Lee Holloway (Maggie Gyllenhaal) has just been released from a mental institution. Back in suburbia for her sister's wedding, she immediately falls prey to old fears and self-disgust. Her father Burt (Stephen McHattie) is a violent and abusive drunk, and her mother Joan (Lesley Ann Warren) remains an eccentric woman who doesn't know how to let go of Lee. At the wedding party, she bumps into Peter (Jeremy Davies) whom she knew in high school. He's recently had a nervous breakdown and wants to get together with her. All of this pressure is too much for Lee. She retreats to her room and prepares to mutilate herself. Instead, she goes to the kitchen and presses a hot tea kettle against her thigh.
Convinced that she'll go bonkers if she stays home all the time, Lee applies for a job as a secretary. Mr. Grey (James Spader), a lawyer, is impressed that she won an award for being the best typist in her class. He is a meticulous fellow who tells Lee that the job will be very boring. That doesn't bother her, she says. The questions he asks seem very weird but she soldiers on cheerfully and is hired. The routine at the office appeals to Lee and she does very well with the simple tasks she's given.
Mr. Grey doesn't miss a thing that goes on, and most of his observations have to do with her. He's bothered by typos which he circles with a red marker. Then there's the problem of her weak voice on the telephone. He hates her habit of twisting her hair, sniffling, and moving her tongue around the edges of her mouth when she's nervous. Lee diligently tries to make herself more efficient and less bothersome. Meanwhile, she remains very curious about her boss's private life especially after a beautiful, very angry blonde appears in the office and sends him scurrying for cover in the closet. The raging woman stomps on his raincoat and storms out ordering him to sign the separation papers.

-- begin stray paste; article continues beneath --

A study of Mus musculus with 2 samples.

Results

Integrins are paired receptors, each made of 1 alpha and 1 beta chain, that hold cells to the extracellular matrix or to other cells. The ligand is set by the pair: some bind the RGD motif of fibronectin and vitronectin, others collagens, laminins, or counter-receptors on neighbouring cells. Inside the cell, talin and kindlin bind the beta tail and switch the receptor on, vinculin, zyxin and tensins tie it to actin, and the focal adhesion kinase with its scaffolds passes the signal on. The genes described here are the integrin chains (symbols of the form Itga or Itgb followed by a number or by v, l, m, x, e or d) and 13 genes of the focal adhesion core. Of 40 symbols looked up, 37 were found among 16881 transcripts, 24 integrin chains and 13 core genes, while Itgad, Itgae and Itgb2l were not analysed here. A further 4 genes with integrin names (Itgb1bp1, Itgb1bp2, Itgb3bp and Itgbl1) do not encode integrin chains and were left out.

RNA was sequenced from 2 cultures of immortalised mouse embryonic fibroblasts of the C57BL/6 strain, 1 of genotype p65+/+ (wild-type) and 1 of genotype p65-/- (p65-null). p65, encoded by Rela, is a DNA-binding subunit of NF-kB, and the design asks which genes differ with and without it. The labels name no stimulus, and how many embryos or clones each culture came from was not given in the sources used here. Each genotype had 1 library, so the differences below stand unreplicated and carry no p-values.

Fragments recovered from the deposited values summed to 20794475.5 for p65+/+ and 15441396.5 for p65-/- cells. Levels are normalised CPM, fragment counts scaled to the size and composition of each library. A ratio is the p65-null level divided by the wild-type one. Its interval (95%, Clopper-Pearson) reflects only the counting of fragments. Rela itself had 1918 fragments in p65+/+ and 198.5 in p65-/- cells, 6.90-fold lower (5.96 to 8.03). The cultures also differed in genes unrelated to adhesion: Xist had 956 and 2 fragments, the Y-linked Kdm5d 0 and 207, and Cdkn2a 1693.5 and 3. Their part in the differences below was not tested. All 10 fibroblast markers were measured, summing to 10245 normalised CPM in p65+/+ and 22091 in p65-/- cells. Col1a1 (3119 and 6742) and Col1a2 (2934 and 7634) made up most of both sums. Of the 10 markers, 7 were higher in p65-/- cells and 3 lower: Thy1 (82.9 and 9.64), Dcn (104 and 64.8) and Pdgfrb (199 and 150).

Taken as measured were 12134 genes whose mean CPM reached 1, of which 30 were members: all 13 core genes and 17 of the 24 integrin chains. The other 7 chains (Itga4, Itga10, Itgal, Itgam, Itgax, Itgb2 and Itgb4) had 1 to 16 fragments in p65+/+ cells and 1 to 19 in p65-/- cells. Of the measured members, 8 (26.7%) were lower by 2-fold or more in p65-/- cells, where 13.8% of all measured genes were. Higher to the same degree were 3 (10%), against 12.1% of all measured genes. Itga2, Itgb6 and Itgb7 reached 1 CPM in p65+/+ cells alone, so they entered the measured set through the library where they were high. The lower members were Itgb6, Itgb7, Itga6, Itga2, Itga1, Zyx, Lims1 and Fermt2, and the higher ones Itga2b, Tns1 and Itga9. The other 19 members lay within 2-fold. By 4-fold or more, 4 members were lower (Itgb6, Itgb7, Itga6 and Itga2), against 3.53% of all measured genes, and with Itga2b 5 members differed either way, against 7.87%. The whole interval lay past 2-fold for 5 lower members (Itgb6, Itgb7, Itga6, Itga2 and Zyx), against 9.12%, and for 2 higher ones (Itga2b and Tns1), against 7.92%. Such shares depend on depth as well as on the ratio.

This strangely compelling and brilliantly acted psychological drama is directed by Steven Shainberg. Erin Cressida Wilson has written a richly nuanced screenplay based on a story by Mary Gaitskill. The two performances by Maggie Gyllenhaal and James Spader are fascinating to watch as they explore the inner and outer reaches of a sado-masochistic relationship.
The lawyer and his secretary do a little dance around each other until he discovers her secret of self-mutilation. He orders her to stop and has other things in mind which he demonstrates one day when he asks her to bend over his desk and read a letter she's just revised while he forcefully spanks her. Although Mr. Grey is clearly turned on by this activity, Lee is the one who sees it as the answer to her dream of ever finding a soul-mate. An evening with Peter definitively proves that he will never be able to satisfy her, but pressure to marry him builds after Mr. Grey fires her. She is shattered and doesn't know where to turn or what to do until she comes up with a crazy scheme to prove the depth of her love for her former boss.
The DVD features deleted scenes and interviews with director Steven Shainberg and stars Maggie Gyllenhaal and James Spader.